How to become a Pasture-Fed Approved Supplier
The standards that define Pasture-fed farming are firmly rooted in the practical experience of our members and provide a clear definition of what we mean by Pasture-Fed. They are the foundation underpinning the PASTORAL collective mark and the Pasture-Fed Certification mark, which clearly identify to consumers food produced this way.
When drawing up the rules we tried to strike a balance. We do not want to burden farmers more than necessary in terms of inspections for compliance. But it is essential that we provide clarity and transparency, so customers who buy pasture meat and dairy can have full confidence in what it represents.
Pasture-fed systems of raising livestock are not suited to every farm or set of circumstances. However, for those farms that can produce food this way successfully, Pasture-Fed provides an important distinction over food produced by more intensive methods. As such it may attract a price premium when sold.
The right foundations
We know from our members that Pasture-Fed farming can be a rewarding and fulfilling experience if the foundations are right.
The three key elements are:
- Understanding what the grass is capable of producing and improving it where necessary
- Matching the breed of animals to the available grassland
- Ensuring the produce meets the requirements of the available markets
What can animals eat?
Animals must only eat grass and forage throughout their lifetime, with the exception of milk consumed by young stock prior to weaning.
Permitted feeds include grass (both annual and perennial species) and legumes such as clover, trefoil and vetches. Herbs can also play an important part within pasture leys, providing drought resilience, a source of minerals and self-medication, as well as aiding digestion and reducing methane emissions from the animals.
Brassicas such as kale and turnips are permitted as part of a rotational farming system, provided the intake is properly balanced with grass or conserved forage. It is important that brassicas are managed responsibly and that they should be used to complement, rather than replace feed from pasture.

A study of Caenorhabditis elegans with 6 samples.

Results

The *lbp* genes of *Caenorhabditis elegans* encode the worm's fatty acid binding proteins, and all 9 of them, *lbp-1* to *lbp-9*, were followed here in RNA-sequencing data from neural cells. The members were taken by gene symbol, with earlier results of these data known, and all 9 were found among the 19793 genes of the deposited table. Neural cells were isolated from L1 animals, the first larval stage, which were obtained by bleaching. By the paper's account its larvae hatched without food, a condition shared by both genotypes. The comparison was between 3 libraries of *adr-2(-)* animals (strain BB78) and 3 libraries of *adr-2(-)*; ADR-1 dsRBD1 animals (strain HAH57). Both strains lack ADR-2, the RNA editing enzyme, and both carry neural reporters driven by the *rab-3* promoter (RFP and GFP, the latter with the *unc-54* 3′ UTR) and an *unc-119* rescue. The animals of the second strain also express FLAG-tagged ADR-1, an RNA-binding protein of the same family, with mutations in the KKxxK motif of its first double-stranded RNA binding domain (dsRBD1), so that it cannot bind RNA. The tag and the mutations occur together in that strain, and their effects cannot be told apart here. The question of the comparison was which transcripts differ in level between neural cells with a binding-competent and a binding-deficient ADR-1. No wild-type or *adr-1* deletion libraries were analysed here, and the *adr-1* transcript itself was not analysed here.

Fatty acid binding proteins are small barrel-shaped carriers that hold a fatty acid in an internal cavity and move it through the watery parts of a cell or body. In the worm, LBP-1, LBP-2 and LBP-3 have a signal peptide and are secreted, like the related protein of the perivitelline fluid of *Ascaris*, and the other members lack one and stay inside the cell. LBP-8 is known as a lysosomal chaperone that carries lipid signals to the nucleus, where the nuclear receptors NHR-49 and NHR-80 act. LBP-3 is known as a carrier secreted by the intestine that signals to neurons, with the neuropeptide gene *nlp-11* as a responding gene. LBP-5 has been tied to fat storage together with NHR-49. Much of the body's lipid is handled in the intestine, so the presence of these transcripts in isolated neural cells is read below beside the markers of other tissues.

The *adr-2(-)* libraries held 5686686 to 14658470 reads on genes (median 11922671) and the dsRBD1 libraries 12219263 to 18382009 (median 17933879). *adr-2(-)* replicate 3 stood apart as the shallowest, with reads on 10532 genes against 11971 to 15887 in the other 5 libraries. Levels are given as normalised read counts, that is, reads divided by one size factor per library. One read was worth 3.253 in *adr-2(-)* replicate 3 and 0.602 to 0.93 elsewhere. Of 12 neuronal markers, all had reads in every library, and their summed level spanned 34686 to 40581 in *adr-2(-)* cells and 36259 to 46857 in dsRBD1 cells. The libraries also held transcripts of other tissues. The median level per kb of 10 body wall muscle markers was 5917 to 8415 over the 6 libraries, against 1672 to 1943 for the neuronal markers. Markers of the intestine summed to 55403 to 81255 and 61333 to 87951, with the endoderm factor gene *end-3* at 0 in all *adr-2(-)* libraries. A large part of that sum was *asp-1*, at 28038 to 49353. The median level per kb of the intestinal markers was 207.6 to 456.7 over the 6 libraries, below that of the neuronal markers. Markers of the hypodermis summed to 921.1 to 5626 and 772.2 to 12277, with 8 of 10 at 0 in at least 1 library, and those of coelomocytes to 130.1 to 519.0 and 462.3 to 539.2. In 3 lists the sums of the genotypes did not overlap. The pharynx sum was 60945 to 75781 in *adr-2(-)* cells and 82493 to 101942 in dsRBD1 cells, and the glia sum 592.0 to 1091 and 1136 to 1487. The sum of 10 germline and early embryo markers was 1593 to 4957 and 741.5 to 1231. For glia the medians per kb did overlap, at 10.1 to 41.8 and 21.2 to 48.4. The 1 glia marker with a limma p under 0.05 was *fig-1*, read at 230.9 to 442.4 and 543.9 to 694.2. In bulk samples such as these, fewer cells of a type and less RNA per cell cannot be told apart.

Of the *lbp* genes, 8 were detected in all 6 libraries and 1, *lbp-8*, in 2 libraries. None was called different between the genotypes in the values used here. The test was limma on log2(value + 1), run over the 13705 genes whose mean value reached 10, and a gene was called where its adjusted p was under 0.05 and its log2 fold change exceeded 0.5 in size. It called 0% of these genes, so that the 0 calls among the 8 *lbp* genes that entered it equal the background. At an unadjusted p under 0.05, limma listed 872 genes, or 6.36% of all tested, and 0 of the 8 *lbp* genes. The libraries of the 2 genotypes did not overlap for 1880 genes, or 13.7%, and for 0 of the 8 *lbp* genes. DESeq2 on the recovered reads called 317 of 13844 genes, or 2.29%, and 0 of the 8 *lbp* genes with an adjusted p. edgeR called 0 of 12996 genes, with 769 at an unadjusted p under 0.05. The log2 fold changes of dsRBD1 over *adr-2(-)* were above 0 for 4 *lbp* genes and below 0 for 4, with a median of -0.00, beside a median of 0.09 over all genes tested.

Wholecrop silage made from the early vegetative stage of cereal crops, is not excluded from the standards. However, there are strict limitations to ensure this provision is not seen as a way to feed grains via the ‘back door’.
Straw is a natural and useful source of feed for ruminants. Since it is a by-product of grain production, and its use as an animal feed does not conflict with food for human consumption in the way that grain does, it is compatible with Pasture-Fed principles and allowed under the Production Standards. We recommend straw as one of the feed sources to complement grazing on brassicas to ensure there is sufficient fibre intake within the animals’ diet.
Where forage crops are grown on arable fields, they should be part of a rotation and their inclusion should not adversely affect the potential for growing crops for direct human consumption.
Within the Pasture-Fed Standards, a guide is provided to ensure that stocking rates are appropriate for the climate and capacity of the land to grow forage.
There is no restriction on the use of artificial fertilisers. However, it makes good financial and agronomic sense to use the nitrogen-fixing abilities of legumes like red and white clovers to get the best out of grassland. The most successful Pasture-Fed farms have completely eliminated the need for chemical fertilisers.
Similarly, there are no restrictions upon the use of herbicide sprays to control weeds. However, these products may also kill out desired species within botanically-rich swards, and the cost of using a chemical sprays may outweigh any potential benefits.
Veterinary treatments for internal parasites may be used, just as they are in organic systems. However good rotational grassland management and the use of clean grazing for youngstock should help eliminate the need for such treatments.
Ewes with multiple lambs
The standards recognise the potential problems that can arise for ewes carrying multiple lambs. Provision is made for supplementary feeding in these specific cases, so that animal welfare is not compromised. The production standards provide advice about the timing of lambing and the use of suitable sources of supplementary feed, such as lucerne nuts.
Becoming an Approved Supplier
Anyone wishing to become a Pasture-Fed Approved Supplier should first read the full Production Standards carefully. If you feel you can comply with all the requirements, the next stage is to register interest via our contact page, after which a self-assessment form can be completed.
Once provisional approval is given, arrangements can be made to co-ordinate a Pasture-Fed farm inspection with an existing one such as Farm Assurance or organic certification.